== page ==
With the announcement of four new product announcements from its user conference in San Francisco, the virtualisation specialist stakes its claim for leadership in the emerging software-defined data centre space.
Software is the future of the data centre and hybrid is the future of cloud: these are the two messages coming over loud and clear from virtualisation company VMware’s user conference in San Francisco, VMworld.
In his Day One keynote on Monday, VMware CEO Pat Gelsinger spelled out for the audience the company’s vision of the software-defined data centre, or SDDC. The SDDC may start with compute power, Gelsinger told 22,000 attendees at the company’s tenth annual conference, but it also includes storage and networking, with a hefty dose of management automation thrown in for good measure.
And those that insist that virtualised data centre workloads have already reached saturation point are just plain wrong: “We’re not done until every app, every database, every big data applications and every physical server becomes replaced by virtual infrastructure,” he said. “That is our passion, and we will continue to drive compute virtualisation until it is 100 percent virtualised for the data centre.”
To back up its bold claims, the company has used the gathering to launch a number of products designed to push adoption of its SDDC vision. These will fundamentally redefine the hypervisor and its role in the data centre, according to Raghu Raghuram, executive vice president of cloud infrastructure and management at VMware. Those products are:
Incorporating technologies acquired in VMware’s 'July 2012' purchase of Nicira, this network virtualisation platform is designed to manage and secure networks via software. This will enable IT admins to treat the physical network as a pool of transport capacity that can be consumed and repurposed on demand. It will be available in the fourth quarter of 2013.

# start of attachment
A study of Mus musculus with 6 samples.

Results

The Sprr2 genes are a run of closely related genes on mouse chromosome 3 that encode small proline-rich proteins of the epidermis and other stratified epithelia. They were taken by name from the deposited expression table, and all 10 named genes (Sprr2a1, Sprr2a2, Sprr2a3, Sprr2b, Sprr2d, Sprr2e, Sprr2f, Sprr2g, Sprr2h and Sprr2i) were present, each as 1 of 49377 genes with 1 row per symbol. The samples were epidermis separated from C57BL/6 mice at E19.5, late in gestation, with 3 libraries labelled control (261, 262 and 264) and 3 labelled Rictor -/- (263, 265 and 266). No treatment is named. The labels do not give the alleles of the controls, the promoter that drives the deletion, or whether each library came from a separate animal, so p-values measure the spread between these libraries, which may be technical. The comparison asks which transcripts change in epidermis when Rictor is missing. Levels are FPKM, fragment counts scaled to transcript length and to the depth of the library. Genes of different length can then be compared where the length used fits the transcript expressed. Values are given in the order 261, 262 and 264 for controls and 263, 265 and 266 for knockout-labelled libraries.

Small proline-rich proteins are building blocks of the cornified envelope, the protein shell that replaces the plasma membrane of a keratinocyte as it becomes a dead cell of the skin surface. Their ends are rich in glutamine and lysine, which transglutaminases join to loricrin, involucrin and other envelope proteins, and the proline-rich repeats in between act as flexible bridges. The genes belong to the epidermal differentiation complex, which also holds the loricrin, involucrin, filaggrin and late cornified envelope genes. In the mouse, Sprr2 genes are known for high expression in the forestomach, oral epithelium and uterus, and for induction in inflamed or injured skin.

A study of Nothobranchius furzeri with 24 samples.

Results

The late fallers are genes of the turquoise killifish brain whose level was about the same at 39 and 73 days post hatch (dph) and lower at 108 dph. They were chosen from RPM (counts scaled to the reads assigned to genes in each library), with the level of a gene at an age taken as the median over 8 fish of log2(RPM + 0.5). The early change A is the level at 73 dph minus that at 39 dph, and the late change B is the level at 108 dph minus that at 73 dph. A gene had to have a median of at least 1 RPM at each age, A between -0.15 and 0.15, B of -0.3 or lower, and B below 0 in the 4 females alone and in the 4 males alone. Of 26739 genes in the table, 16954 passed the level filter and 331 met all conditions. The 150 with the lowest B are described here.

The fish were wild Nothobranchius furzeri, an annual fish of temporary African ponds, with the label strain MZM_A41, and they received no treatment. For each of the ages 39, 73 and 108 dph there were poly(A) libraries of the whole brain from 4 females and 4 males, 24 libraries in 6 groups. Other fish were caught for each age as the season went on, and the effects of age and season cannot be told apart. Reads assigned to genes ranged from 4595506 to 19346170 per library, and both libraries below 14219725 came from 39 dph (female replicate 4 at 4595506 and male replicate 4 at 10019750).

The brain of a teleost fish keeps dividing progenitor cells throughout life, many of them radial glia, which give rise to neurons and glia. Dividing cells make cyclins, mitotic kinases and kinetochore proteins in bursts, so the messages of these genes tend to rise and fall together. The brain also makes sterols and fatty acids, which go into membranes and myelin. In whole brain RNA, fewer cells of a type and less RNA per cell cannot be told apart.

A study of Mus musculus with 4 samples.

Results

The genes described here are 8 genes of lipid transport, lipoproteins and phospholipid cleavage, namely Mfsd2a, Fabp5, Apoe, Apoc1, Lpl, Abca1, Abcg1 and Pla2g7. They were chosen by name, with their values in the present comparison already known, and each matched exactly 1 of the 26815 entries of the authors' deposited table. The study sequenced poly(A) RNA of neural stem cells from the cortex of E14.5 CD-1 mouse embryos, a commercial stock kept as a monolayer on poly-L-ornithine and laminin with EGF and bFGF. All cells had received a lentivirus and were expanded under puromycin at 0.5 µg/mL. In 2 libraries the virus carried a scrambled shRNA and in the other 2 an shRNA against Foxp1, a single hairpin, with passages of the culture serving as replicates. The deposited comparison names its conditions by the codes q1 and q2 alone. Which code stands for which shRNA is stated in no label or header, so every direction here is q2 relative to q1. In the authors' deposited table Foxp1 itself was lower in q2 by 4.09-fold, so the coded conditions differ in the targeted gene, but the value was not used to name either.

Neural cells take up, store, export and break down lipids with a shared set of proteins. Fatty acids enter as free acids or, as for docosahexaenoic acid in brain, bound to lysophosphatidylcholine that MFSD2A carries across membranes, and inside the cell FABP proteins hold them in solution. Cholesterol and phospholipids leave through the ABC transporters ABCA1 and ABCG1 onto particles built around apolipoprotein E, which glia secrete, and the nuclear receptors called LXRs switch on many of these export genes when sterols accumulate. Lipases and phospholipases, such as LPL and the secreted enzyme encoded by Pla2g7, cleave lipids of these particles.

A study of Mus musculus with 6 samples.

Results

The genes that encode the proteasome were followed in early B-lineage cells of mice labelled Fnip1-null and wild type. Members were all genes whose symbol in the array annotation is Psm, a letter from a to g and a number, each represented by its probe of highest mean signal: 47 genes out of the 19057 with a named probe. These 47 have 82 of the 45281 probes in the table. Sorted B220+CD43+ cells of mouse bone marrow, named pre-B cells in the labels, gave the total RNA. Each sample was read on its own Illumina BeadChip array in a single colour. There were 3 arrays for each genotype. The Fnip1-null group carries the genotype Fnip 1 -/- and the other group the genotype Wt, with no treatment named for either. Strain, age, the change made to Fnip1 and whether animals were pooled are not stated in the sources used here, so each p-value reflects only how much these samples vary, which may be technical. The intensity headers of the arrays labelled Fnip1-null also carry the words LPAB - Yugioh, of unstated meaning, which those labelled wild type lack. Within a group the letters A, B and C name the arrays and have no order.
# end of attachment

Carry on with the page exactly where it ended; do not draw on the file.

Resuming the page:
VMware Virtual SAN
VSAN enables vSphere to cluster the solid state disks (SSDs) and hard disk drives (HDDs) from between three and eight servers to create a shared pool of storage, directly from the hypervisor itself. It could be used to support virtual desktops, test-and-dev storage needs, big data projects and disaster recovery processes - all at a lower total cost of ownership than current options, according to the company. It will be available via a free public beta programme in the third quarter of 2013.
VMware vCloud Suite 5.5
The latest version (5.5) of the vCloud Suite focuses on enabling customers to build private cloud infrastructures in SDDCs. It is built on the foundations of vSphere 5.5, and enhancements with this version include vSphere App HA, to detect and recover from application or operating systems failures, and VMware vSphere Flash Read Cache, that virtualises server-side flash in order to lower application latency. The new version also supports configurations twice the size of previous ones in terms of CPU, memory and NUMA [non-uniform memory access] node limits. It is licensed on a per-processor basis, starting at $4,995, and will also be available in the third quarter of 2013.
VMware vSphere with Operations Management 5.5
This product, launched earlier this year, combines the latest version of vSphere with additional insight into workload capacity and health, so that admins can monitor and manage overall health of their environments. It is offered in three editions, Standard, Enterprise and Enterprise Plus, with pricing starting at $1,745 per processor.
The products, said Raghuram, represent the next wave of innovation at VMware. “We continue to evolve the software-defined data centre architecture to address IT’s critical needs - enabling them to build infrastructure that is radically simpler and more efficient, while delivering the agility and flexibility to support the velocity of their businesses.”